Ten years! I have been making Alastere for 10 years. That's an average of about 60 pages a year. More than a page a week, due to the period I updated twice a week for a while. That's a lot, and I have a mishmash of thoughts about it.
I never would have expected ten years ago I'd still be doing this. Not for a lack of story to tell, just from... trouble with motivation, I suppose. But setting deadlines gets you to work on things, and having a weekly deadline helps to force work. It's been harder lately to focus enough to work, what with all that's happened lately, but I've had highs and lows throughout all ten years.
Ten years ago, I was partly through my master's degree. I started it, inspired by other web-centered comics (such as Homestuck), with the idea of making a comic that felt like you were playing a video game. Over winter break, I coded the engine that builds comics, displays them on a webpage, and made some test pages to experiment with it:
There's the first test page I made to test it. The way the engine works is reading and interpreting xml files - the "scripts" as I call them - and the first page was a test of just K'Sarian and Dia talking. Dunno why I always trended towards testing stuff with them.
I had a story that had changed over my life since middle school, manifested in various forms (a D&D game, an attempt at writing a novel, for two), and I hoped a webcomic would give me excuse to practice my art, and get the story out in a way people could enjoy it. I never expected to have MUSIC for the entire thing - that came later - and I never expected to be able to have worked on it for a full decade.
Long-form story comics I feel people find rewarding, and can get invested in. People love or hate characters that have a chance to grow on them, just like any other long-form media. But the internet shifted away from people going to a specific website and became increasingly about social media, and bite-sized strip-a-day joke format comics are much more easy to consume. Someone who wants to read Alastere needs to read 600 pages! It's like investing yourself in a book.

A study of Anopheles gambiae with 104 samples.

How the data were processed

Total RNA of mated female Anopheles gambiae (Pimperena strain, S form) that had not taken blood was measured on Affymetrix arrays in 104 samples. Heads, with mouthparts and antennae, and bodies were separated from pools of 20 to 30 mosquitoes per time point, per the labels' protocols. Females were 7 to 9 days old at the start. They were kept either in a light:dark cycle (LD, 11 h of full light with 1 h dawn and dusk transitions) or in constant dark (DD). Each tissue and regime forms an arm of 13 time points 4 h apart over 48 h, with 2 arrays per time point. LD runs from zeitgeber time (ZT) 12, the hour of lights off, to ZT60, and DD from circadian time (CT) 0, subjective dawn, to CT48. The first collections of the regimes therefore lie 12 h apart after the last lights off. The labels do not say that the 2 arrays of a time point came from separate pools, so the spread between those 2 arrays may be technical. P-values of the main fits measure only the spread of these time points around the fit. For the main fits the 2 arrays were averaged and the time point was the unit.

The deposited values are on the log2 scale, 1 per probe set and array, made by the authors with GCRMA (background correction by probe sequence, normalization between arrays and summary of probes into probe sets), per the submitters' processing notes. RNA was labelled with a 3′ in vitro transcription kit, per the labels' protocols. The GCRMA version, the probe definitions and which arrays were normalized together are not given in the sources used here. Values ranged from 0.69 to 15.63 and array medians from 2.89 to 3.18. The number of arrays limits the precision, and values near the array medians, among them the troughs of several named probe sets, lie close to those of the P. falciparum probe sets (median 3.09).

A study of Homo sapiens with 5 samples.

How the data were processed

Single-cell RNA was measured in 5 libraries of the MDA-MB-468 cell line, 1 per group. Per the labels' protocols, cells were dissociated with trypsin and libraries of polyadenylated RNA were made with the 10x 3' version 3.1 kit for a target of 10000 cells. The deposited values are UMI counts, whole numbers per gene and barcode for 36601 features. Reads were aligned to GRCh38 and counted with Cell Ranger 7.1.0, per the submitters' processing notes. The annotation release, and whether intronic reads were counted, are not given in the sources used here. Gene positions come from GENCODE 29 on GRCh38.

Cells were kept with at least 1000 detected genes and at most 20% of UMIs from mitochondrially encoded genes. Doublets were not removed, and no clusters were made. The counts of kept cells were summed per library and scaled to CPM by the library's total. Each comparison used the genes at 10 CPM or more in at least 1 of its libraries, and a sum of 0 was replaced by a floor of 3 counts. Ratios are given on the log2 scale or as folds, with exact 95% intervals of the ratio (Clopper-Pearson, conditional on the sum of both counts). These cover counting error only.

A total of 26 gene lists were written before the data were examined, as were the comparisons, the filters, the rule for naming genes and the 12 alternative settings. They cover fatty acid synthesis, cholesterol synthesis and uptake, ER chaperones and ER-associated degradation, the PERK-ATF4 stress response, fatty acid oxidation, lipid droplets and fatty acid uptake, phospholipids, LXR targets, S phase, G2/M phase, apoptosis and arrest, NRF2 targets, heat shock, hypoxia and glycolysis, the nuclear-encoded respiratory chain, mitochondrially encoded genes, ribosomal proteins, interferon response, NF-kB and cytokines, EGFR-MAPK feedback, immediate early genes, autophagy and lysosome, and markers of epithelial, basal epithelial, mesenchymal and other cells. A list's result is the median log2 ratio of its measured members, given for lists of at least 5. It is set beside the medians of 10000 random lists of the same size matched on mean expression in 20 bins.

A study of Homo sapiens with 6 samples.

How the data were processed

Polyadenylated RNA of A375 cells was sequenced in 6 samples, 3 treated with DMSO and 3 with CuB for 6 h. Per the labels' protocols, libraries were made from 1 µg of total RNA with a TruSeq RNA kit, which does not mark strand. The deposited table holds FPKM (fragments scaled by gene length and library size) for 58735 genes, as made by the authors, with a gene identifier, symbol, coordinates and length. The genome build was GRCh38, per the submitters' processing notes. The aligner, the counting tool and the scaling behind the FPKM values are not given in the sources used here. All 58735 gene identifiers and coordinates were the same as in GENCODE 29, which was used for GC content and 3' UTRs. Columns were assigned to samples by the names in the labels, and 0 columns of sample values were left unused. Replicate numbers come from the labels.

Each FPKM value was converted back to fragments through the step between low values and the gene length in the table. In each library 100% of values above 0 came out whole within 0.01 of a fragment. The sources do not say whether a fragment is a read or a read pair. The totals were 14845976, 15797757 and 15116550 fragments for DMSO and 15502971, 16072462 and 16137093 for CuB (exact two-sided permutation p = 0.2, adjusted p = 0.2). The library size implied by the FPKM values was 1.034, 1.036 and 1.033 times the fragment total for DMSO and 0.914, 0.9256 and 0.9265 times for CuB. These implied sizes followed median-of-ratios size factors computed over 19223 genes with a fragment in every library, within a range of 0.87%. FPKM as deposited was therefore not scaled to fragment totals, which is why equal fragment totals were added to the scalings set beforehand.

It's good, people tell me it's good, how they enjoyed reading it, how they got invested, but... it's so hard to get people to read. To get people to look at 10 years of your work and go "alright, I'll give you a chance, I guess".
Conventions were great chances to get the word out, back when they were safe to go to. Project Wonderful provided a fantastic way to reach out to people who would be willing TO read a long story (Homestuck, again, was a fantastic place to advertise). Now... now it's much more difficult. It doesn't lend itself to the quick snap to get someone's attention in ten seconds before it passes you by, never to come back. I had people at cons tell me they saw the banners ON homestuck.
Would I love it if I could support myself with Alastere? Yeah, I think so. Is it anywhere near there? No. Will it ever be? I don't know. I do so much in so many pies now, with vtubing and game development that I can't imagine dedicating myself wholly to one thing and hoping it'll be the bottled lightning. I think I'll always be that way. Even if something I did became wildly popular, I'd probably still do other things.
So I don't think I'll end Alastere anytime soon, there's more story to tell after all. I hope you all enjoy reading it, and enjoy feeling things about these characters. As long as people do, I'll keep making it.